Is your home an asset?
When most people are asked this question, they answer “yes.” But is it really an asset? There are several definitions of what an asset is:
- a useful or valuable thing, person, or quality
- the property of a deceased person subject by law to the payment of his or her debts and legacies
- the entire property of a person, association, corporation, or estate applicable or subject to the payment of debts
Technically, by looking at these definitions, your house is an asset. This conversation should be over, but it’s not. There are other definitions of asset as well:
- a resource with economic value that an individual, corporation, or country owns or controls with the expectation that it will provide a future benefit. Assets are reported on a company’s balance sheet and are bought or created to increase a firm’s value or benefit the firm’s operations.
- Real assets are physical assets that have an intrinsic worth due to their substance and properties. Real assets include precious metals, commodities, real estate, land, equipment, and natural resources.
Asset or Liability?
All of these are definitions of an asset. However many call their home an asset, when in many instances its actually a liability. A liability is defined as the following:
A thing for which someone is responsible, especially a debt or financial obligation.
So now ask yourself: Is your house an asset or liability? If you believe your home is an asset, ask yourself the following:
- If you lose your job tomorrow, will your home generate revenue for you?
- Can your home help you pay bills?
- Do you have to work and pay expenses to keep it running smoothly?
- If you lose your job, do you risk losing your home because you can’t afford to pay the mortgage?
Depending on your answers, your home could be viewed as a liability, not an asset. If a person owns a home, they still have to pay the mortgage, insurance, electric bills and repairs. In most cases, a person will have to work in order to keep that house. If they lose their job, they risk losing their home.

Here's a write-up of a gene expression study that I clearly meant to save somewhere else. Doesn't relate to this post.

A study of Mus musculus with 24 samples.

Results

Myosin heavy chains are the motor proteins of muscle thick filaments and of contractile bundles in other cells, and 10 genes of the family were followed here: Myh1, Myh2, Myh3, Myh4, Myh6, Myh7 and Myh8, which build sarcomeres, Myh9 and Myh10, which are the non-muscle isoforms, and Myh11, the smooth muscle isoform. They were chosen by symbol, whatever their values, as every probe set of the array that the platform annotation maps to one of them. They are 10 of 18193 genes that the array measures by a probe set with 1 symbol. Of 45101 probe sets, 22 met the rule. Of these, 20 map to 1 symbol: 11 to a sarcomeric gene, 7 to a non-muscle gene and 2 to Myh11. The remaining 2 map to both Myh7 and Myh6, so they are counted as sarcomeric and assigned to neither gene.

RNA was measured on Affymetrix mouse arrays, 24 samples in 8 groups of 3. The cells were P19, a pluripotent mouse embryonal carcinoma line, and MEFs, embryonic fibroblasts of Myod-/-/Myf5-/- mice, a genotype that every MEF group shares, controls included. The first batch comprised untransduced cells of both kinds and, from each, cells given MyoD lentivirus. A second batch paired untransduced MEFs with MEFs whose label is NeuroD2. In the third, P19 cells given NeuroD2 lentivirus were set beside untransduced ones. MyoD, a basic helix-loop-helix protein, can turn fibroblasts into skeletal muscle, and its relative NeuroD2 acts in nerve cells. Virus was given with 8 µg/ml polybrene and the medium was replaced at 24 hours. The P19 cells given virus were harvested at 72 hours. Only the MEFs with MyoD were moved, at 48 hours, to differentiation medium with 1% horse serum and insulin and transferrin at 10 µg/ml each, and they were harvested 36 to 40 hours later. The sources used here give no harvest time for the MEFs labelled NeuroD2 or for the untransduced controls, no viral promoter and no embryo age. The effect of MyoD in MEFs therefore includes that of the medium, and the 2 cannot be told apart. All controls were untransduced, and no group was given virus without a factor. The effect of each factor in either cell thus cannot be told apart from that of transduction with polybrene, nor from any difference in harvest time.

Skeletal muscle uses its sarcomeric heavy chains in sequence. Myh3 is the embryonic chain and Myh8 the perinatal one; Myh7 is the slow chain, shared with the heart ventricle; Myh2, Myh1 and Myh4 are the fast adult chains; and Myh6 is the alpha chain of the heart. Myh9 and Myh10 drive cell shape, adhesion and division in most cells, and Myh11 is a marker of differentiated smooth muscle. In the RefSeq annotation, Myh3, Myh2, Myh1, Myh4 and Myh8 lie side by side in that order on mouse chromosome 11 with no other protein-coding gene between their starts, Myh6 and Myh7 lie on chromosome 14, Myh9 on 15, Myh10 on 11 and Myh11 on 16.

A False Sense of Security
When people view their home as an asset, they are looking at the value of their home. Technically, this is correct, but it should not be viewed that way. From a wealth and financial freedom perspective, an asset can provide you with a monthly income and help pay bills, not be a bill itself. In other words, a true asset can pay for itself without you having to work to pay for it.
Instead of traditional definitions of assets, a person should look at assets that provide cash flow. Unlike a house, which in many cases can cost a person money, these are the assets that can generate revenue for a person and possibly their heirs for years to come.
Even if a person does consider their home an asset, it would be wise to begin accumulating other assets that can generate cash flow. These types of assets include the following:
- Rental property
- Royalties (books, published music, etc.)
- Dividend paying stocks
It should be noted that traditional assets such as rental property and businesses can become liabilities if their expenses are more than the revenue received. However, it’s possible they could be made profitable over time because they are designed to generate revenue while a person’s primary residence is not. However, a person’s home could be an asset if they rent out a room, thus generating a monthly income.
For the average person, if they lose their job, they risk losing their home. Change your mindset on what an asset is. Start accumulating other investments that can generate revenue for you. This way, if you lose your job or can’t work, these assets can pay your bills for you, and allow you to keep your home.